Manuel profiled toward the bull, sighting along the dipping blade of the sword. The bull was motionless, seemingly dead on his feet, incapable of another charge.

Manuel rose to his toes, sighting along the steel, and charged.

Again there was the shock and he felt himself being borne back in a rush, to strike hard on the sand. There was no chance of kicking this time. The bull was on top of him. Manuel lay as though dead, his head on his arms, and the bull bumped him. Bumped his back, bumped his face in the sand. He felt the horn go into the sand between his folded arms. The bull hit him in the small of the back. His face drove into the sand. The horn drove through one of his sleeves and the bull ripped it off. Manuel was tossed clear and the bull followed the capes.

Manuel got up, found the sword and muleta, tried the point of the sword with his thumb, and then ran towards the barrera for a new sword.

Retana’s man handed him the sword over the edge of the barrera.

“Wipe off your face,” he said.

Manuel, running again towards the bull, wiped his bloody face with his handkerchief. He had not seen Zurito. Where was Zurito?”

The cuadrilla had stepped away from the bull and waited with their capes. The bull stood, heavy and dull again after the action.

Manuel walked towards him with the muleta. He stopped and shook it. The bull did not respond. He passed it right and left, left and right before the bull’s muzzle. The bull’s eyes watched it and turned with the swing, but he would not charge. He was waiting for Manuel.

Manuel was worried. There was nothing to do but go in. Corto y derecho. He profiled close to the bull, crossed the muleta in front of his body and charged. As he pushed in the sword, he jerked his body to the left to clear the horn. The bull passed him and the sword shot up in the air, twinkling under the arc-lights, to fall red-hilted on the sand.

Manuel ran over and picked it up. It was bent and he straightened it over his knee.

As he came running towards the bull, fixed again now, he passed Hernandez standing with his cape.

“He’s all bone,” the boy said encouragingly.

Manuel nodded, wiping his face. He put the bloody handkerchief in his pocket.

There was the bull. He was close to the barrera now. Damn him. Maybe he was all bone. Maybe there was not any place for the sword to go in. The hell there wasn’t! He’d show them.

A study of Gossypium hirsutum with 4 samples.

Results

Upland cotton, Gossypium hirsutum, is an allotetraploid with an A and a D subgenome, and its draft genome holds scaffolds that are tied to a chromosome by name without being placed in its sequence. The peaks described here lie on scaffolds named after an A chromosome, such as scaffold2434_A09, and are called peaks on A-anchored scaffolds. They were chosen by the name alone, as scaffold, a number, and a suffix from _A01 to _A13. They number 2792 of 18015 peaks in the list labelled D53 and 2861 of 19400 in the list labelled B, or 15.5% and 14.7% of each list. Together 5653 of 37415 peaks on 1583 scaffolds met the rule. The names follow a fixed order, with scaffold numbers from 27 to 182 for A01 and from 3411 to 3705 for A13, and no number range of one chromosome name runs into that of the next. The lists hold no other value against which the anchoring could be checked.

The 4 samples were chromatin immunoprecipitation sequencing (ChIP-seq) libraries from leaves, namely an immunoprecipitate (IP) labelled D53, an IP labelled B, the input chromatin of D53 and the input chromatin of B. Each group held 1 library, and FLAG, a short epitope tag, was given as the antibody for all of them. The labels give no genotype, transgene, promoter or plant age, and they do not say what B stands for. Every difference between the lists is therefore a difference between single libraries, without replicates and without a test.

He tried a pass with the muleta and the bull did not move. Manuel chopped the muleta back and forth in front of the bull. Nothing doing.

He furled the muleta, drew the sword out, profiled and drove in on the bull. He felt the sword buckle as he shoved it in, leaning his weight on it, and then it shot in the air, end-over-ending into the crowd. Manuel had jerked clear as the sword jumped.

The first cushions thrown down out of the dark missed him. Then one hit him in the face, his bloody face looking towards the crowd. They were coming down fast. Spotting the sand. Somebody threw an empty champagne bottle from close range. It hit Manuel on the foot. He stood there watching the dark, where the things were coming from. Then something whished through the air and struck by him. Manuel leaned over and picked it up. It was his sword. He straightened it over his knee and gestured with it to the crowd.

“Thank you,” he said. “Thank you.”

Oh, the dirty bastards! Dirty bastards! Oh, the lousy, dirty bastards! He kicked into a cushion as he ran.

There was the bull. The same as ever. All right, you dirty, lousy bastard!

Manuel passed the muleta in front of the bull’s black muzzle.

Nothing doing.

You won’t. All right. He stepped close and jammed the sharp peak of the muleta into the bull’s damp muzzle.

The bull was on him as he jumped back and as he tripped on a cushion he felt the horn go into him, into his side. He grabbed the horn with his two hands and rode backward, holding tight on to the place. The bull tossed him and he was clear. He lay still. It was all right. The bull was gone.